Filing Your Taxes Could be a Good Thing! What to Know This Tax Season if you are Unemployed
Many people assume that because they are unemployed and have no or very little earned income, there is no need to file a tax return. In some cases that may be correct, but in others you may actually have taxes due or be missing out on a tax refund by not filing.
With just a few weeks left until tax forms need to reach the IRS, here are some of the questions you should be asking yourself if you’re unemployed.
Who Has to File?
If you have been working odd jobs to make ends meet, the income you brought in for 2012 will be taxable only if you are under the age of 65, filing single, and made over $9,500, or married, filing jointly, and reporting over $19,500.
Income from a job is not the only source of taxable income. If you have been receiving unemployment benefits or monies from severance pay, both income streams add to your overall taxable income and should be reported for 2012.
If, from your combined income from jobs, unemployment insurance and severance pay you made below the amounts listed above, you are not required to file a tax return. Although you are not required, there may be credits you qualify for that could warrant a tax return. You don’t want to miss out by not filing!
Why You Should File a Tax Return?
There are several reasons to file a tax return this season even if you did not meet the minimum amount of taxable income.
- Taxes were withheld from your pay. If you made less than the minimum taxable income of $9,500 filing single or $19,500 filing jointly and taxes were withheld from your paycheck, you may be entitled to a tax refund.
- Student credits could apply. If you are a college student there are credits like the American Opportunity Credit that will give you up to a $2,500 for the first four years of post-secondary school.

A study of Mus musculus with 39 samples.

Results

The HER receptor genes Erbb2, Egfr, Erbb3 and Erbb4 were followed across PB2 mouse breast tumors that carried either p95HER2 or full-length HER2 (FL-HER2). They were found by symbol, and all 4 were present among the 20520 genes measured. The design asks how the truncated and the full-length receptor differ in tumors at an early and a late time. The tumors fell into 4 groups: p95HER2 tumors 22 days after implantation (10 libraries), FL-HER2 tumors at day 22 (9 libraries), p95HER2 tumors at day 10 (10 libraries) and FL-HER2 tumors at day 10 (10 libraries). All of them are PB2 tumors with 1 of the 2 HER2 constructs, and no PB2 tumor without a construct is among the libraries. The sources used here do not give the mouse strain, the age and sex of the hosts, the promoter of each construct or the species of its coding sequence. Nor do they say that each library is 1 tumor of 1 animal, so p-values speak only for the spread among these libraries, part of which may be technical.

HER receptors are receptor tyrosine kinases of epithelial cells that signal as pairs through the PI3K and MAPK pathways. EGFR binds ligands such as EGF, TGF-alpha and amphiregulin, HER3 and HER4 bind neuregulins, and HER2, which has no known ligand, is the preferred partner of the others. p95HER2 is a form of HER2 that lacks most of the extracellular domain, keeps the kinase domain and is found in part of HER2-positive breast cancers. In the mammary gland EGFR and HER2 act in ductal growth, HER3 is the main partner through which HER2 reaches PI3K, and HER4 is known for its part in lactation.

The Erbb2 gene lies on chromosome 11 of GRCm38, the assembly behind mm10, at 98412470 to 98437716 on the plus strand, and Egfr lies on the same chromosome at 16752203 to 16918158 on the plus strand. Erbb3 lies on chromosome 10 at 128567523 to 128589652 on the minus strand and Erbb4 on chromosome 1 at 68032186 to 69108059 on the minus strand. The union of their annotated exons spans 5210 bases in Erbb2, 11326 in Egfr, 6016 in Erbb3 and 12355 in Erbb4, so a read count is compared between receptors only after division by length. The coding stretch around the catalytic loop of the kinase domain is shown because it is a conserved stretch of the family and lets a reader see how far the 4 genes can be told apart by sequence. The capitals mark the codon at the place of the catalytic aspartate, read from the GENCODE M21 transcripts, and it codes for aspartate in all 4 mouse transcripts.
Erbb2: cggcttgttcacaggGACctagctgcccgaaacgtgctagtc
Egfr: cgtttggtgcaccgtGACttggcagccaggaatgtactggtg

- Other credits may work in your favor. There are other credits for those who did not earn a lot of money for 2012 like the Earned Income Tax Credit, Making Work Pay credit and the Additional Child Tax credit, which all could result in a refund for the 2012 tax season.
- You may be eligible for job search deductions. You may be able to deduct expenses related to your job search, which will decrease your tax liability and could increase your refund.
Where Do I Get Tax Help?
This is in no way a comprehensive list of taxable situations or benefits for filing taxes, so make sure you consult with a tax professional to ensure you’re on the right track with your taxes. Here are some resources to help you get tax advice:
IRS Fresh Start: Helps struggling tax payers to avoid penalties and make installment agreements more available.
Volunteer Income tax Assistance: Provides free tax preparation to those who earn less than $51,000 and need assistance preparing tax returns.
IRS2GO Mobile app: With this smart phone app users can access video, gen news and updates, request tax account transcripts and check their tax refund status.